This is something I feel pretty strongly about and is a philosophy that I live and die with while spinning in the club:
When what you’re doing isn’t working, don’t panic!
Here’s what I mean…
I’m sure everyone of us has been in a situation where we switched genres and it didn’t go over so well. Imagine you’re playing Hip-Hop or Twerk and transition up to House. You look up and all the energy you saw a minute ago is gone. No one is really dancing, or worse, everyone who was dancing is gone. Keep two things in mind here….
1) This happens to everyone. Either this crowd is a bit different than you thought and for some reason doesn’t react to what normally works, or you took a risk and it just didn’t pan out for you. It happens.
2) It’s good you’re not oblivious to what’s going and you recognize the problem.
Now in my opinion, what you do next will have a huge influence on how people view you as a DJ. Human beings do have an animal instinct. We can sense fear and lack of confidence. So if you were to just scratch out of that one House song and go back to Hip Hop, you might as well just get on the mic, announce to the crowd that you fucked up, and apologize. (Note: To be very, very clear….don’t ever do that.) Instead, I’m a big believer that you should keep going with the House set, but just make it shorter than normal and try to think of a clever way to get out of it quickly.
I do understand this may be a little easier said than done. I’ve been doing this for a little while so maybe I’ve developed some confidence that some of you younger guys may not have just yet. But that’s not to say I don’t feel the same pressure when something isn’t working. I get it’s not easy when there’s hundred of eyes on you wondering why you’re playing a song they don’t like, or even worse, the club owner is in the booth to witness your unsuccessful attempt at a genre change. But I’m convinced that panicking and making a drastic change would be the worst thing possible. I really think the crowd (and workers) will take this as you admitting you messed up and may even start to think that by giving you negative vibes and feedback (i.e. dirty looks, the dreaded cut throat signal, and running to the both to tell you to switch it) that they can make you their jukebox.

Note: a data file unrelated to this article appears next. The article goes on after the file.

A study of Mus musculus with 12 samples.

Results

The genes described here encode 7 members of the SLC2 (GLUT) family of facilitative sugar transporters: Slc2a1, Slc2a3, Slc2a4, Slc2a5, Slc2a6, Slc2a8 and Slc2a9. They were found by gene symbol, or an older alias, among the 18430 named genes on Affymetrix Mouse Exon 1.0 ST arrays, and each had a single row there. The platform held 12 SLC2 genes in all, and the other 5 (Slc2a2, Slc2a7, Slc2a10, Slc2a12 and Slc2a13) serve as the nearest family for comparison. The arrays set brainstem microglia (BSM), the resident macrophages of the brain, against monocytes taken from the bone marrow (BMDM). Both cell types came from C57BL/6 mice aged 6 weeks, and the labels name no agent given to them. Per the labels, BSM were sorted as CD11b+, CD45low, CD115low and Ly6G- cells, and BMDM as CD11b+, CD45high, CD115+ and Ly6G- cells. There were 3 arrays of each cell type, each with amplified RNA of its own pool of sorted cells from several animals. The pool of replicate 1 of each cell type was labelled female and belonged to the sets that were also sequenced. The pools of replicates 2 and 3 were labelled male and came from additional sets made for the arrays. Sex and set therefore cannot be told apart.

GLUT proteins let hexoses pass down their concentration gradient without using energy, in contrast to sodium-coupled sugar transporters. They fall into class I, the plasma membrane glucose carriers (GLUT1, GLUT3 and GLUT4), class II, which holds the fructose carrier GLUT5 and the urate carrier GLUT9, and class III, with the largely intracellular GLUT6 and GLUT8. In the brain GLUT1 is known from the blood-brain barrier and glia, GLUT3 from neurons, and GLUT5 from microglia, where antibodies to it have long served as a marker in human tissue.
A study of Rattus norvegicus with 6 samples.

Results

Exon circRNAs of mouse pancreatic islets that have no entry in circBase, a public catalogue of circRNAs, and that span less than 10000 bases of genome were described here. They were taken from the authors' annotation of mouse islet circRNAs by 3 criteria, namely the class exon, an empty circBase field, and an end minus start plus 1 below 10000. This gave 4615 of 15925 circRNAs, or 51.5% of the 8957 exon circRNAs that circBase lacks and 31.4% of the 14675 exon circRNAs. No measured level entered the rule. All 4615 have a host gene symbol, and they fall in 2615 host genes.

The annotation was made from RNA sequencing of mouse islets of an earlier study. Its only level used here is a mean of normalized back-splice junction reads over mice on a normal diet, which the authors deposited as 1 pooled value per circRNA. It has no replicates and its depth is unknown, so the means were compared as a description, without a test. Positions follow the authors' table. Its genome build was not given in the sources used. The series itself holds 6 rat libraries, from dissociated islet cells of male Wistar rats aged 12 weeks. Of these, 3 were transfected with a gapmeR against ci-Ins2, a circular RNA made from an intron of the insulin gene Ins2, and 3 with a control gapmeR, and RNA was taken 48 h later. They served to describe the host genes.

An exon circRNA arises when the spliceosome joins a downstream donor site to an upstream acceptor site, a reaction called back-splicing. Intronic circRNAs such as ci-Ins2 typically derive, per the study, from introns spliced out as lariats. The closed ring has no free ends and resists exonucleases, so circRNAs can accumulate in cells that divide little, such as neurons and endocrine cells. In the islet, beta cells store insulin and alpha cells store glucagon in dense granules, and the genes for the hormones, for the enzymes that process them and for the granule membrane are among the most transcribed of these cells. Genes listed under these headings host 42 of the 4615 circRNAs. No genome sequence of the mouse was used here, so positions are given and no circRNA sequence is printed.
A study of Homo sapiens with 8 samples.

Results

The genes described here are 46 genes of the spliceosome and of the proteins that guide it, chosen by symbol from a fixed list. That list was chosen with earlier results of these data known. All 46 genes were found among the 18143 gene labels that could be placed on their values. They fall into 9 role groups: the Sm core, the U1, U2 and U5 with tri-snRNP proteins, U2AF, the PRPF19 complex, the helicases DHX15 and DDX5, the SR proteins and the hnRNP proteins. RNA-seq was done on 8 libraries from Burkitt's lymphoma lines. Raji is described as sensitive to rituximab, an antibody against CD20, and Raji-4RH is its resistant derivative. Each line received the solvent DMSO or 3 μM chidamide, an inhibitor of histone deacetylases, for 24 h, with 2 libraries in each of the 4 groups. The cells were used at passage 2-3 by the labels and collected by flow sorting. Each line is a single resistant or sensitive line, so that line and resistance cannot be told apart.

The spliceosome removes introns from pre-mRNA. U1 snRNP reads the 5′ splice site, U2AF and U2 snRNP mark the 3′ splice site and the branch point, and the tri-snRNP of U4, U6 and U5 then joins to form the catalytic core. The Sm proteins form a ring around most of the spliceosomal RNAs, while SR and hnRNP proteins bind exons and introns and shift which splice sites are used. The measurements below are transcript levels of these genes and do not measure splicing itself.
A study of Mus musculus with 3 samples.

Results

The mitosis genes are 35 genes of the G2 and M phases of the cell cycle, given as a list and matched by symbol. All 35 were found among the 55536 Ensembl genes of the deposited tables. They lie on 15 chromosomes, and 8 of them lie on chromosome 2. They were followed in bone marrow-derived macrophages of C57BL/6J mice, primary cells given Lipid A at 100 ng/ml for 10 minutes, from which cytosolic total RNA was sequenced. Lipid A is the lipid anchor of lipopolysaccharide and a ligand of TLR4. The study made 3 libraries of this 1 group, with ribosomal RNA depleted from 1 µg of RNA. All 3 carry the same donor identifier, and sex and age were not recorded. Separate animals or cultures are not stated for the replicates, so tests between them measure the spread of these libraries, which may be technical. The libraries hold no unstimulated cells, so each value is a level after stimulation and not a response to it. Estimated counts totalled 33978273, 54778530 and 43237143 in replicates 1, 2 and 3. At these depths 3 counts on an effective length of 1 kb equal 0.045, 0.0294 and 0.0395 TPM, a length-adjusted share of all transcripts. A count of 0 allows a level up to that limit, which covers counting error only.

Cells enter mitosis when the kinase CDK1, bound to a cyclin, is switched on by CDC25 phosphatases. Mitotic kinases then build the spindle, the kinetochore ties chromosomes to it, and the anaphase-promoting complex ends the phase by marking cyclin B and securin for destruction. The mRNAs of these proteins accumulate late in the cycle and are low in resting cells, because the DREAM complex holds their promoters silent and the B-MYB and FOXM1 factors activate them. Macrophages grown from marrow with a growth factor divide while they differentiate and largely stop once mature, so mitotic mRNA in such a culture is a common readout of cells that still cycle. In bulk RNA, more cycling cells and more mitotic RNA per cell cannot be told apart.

Bottom line, as much as I believe the crowd can sense panic, I think they can sense confidence the same way. So by standing your ground in these kind of situations, I think you’re subliminally showing them that you know what you’re doing. Not that you’ll be able to get away with constant mistakes, but I think the appearance of confidence will at least buy you the benefit of the doubt from most club goers after one or two failed experiments and more importantly allow you to keep control of the club.
IMPORTANT: This is may not apply as much at private events….and definitely doesn’t apply when the person paying you tells you to switch it right away.